It’s a bit of a trek, to say the least, to travel from Fort Lauderdale, Florida to Portland, Oregon. About eight hours, give or take a layover. It’s just enough time to take up a significant chunk of your day. Still, it’s about how long it would take to drive from where I live to Atlanta, so I think for going across the country it’s good timing.
In any case, this summer my wife embarked on a week-long conference outside of Portland, of which I pounced onto the tail end to make it a vacation of sorts. This was not to be a simple vacation, but a research trip into the breweries and beer culture that permeates the Portlandia lifestyle.
It began when I landed at PDX on a Thursday, and made my way via the TriMet red line to the first brewery in our four day excursion.
Upright Brewing Company
Just a block northeast of Broadway and Ross, Upright Brewing Company was my first exposure to how different breweries outside of South Florida could be. Walking into the building, a shared space between a few offices and a bright and spacious cafe, there is no obvious sign of a brewing operation. I ask the cafe operator if they have beer on tap, thinking perhaps it is like my experience at Bone Island Brewing Company in Key West, but she directs me to the elevator off to the side and says that the brewery is in the basement. Yep, much different than South Florida.
With this speakeasy approach, the brewery is indeed a part of the underground of this building: it’s cool, dimly lit, and filled to the brim with wooden barrels and stainless steel fermenters. The brewery “focuses on farmhouse inspired beers rooted in France and Belgium but made with a Pacific Northwest twist” and as such boasts a beer list that’s almost entirely in that camp: table saisons, rye saisons, funky brews with oak casks full of dark cherries, all produced using large open top fermentation vessels.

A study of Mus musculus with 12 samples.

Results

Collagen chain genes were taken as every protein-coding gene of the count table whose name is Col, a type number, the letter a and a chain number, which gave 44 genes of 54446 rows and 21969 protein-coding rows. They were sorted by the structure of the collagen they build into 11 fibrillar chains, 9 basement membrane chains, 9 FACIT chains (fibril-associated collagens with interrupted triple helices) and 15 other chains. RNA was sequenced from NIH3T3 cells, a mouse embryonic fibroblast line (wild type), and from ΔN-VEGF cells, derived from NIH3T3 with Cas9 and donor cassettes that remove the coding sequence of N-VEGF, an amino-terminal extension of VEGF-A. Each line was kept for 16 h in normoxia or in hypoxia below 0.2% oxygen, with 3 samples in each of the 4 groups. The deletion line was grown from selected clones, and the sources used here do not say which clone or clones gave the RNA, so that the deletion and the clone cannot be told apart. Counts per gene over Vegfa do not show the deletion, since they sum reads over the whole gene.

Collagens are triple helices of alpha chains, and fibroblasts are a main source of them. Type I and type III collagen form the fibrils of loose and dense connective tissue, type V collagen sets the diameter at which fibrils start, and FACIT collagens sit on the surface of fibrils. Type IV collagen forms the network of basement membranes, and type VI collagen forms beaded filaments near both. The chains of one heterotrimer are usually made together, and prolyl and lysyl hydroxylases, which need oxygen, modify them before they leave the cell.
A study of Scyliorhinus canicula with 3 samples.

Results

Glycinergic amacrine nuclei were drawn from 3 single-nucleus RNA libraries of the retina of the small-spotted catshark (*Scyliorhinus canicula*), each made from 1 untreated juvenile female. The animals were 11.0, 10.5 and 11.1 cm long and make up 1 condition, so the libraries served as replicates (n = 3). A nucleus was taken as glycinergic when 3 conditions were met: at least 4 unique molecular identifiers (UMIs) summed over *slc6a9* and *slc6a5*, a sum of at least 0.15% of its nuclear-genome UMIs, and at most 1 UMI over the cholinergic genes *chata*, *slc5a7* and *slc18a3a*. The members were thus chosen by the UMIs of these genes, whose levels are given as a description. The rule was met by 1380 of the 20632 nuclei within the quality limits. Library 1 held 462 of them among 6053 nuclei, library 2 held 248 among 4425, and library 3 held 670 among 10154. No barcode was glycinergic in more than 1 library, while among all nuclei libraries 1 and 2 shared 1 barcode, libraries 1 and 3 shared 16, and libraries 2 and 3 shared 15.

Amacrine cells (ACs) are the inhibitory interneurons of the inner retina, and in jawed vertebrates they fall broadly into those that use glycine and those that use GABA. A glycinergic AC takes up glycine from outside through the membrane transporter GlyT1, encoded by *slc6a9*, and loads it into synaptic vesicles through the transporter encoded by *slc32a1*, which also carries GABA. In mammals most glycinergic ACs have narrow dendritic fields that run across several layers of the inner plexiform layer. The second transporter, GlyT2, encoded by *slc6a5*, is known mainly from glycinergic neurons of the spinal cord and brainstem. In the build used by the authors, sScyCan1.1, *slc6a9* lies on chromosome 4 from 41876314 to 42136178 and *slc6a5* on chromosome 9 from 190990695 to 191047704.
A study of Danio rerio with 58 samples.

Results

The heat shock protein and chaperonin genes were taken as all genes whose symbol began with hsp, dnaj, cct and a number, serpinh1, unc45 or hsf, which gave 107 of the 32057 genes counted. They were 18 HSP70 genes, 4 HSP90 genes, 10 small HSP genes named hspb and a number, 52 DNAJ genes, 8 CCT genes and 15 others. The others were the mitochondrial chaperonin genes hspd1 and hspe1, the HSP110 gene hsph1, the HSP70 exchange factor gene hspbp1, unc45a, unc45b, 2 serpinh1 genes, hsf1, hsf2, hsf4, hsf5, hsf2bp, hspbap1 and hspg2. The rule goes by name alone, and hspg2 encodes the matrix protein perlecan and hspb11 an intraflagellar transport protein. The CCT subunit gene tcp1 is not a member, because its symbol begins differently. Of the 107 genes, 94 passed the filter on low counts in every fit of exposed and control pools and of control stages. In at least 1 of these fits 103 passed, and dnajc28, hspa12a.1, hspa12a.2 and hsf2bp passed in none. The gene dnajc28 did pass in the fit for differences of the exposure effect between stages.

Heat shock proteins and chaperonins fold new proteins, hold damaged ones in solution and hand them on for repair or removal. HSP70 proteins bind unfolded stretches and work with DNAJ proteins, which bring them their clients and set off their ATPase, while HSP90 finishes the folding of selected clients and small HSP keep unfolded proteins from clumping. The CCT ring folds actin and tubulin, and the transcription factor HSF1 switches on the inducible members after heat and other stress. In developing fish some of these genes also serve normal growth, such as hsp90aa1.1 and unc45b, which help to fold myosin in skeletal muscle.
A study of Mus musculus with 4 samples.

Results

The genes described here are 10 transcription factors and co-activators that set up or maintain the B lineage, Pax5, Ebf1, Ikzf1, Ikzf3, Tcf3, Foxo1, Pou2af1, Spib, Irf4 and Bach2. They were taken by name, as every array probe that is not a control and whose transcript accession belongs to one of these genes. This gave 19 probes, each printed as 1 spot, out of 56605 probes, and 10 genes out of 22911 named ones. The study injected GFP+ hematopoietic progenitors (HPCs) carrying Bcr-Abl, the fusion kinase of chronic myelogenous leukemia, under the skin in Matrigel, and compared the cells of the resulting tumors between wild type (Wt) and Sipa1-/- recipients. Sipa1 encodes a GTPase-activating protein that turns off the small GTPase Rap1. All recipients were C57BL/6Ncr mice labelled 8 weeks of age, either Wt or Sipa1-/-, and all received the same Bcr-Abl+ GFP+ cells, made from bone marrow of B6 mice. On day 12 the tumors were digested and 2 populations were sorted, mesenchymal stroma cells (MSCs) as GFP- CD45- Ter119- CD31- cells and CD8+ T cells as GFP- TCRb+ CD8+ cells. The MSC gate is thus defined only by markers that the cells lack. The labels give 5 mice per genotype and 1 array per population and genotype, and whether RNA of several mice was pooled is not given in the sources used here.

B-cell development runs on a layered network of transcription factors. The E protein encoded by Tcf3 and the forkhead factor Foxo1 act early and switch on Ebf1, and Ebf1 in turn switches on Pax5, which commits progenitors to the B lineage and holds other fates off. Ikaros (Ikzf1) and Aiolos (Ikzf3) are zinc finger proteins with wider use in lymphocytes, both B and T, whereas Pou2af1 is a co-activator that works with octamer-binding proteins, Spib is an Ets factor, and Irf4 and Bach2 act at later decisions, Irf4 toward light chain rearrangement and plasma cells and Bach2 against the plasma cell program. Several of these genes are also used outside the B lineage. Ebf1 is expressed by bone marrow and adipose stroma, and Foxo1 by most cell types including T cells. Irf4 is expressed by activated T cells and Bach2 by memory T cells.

On my stop, I sampled their numbered saison series, starting with Four, a wheat based table saison with floral aromatics and a dry, slightly tart finish. Five is a herbal and hopped-up saison, while Six is their dark rye saison, very enjoyable with a nice spicy maltiness. Seven is declared as their “modern” saison, at 8% ABV and pushing out a lot of hay and toasted corn aromas.
In addition, there were a few tasting room beers that were on that could not be passed up, including the Four Play, where the brewery takes Four and ages it in a barrel with tart cherries, brettanomyces, and lactobacillus. At only 5% ABV this beer is full of complex character that belies its strength and makes it even that much more impressive. It is ridiculously good.
Finally, it’s no surprise to see a beer here that’s been aged in wine barrels, since Oregon is also a prominent wine producers. It’s exciting to see the level of collaboration between brewer and winemaker in Oregon Native, a beer created between the brewery and Derek Einberger of Patton Valley Vineyards. Here, pinot noir grapes meld with cask fermentation to create a beer that’s subtle on the fruit but full of its spirit.
After this bit of sampling, I took in one last look to marvel at the stainless and made my way back top-side to take the red line into downtown, and ultimately my home for the weekend. It was time to sleep and prepare for the next day of brewery hopping.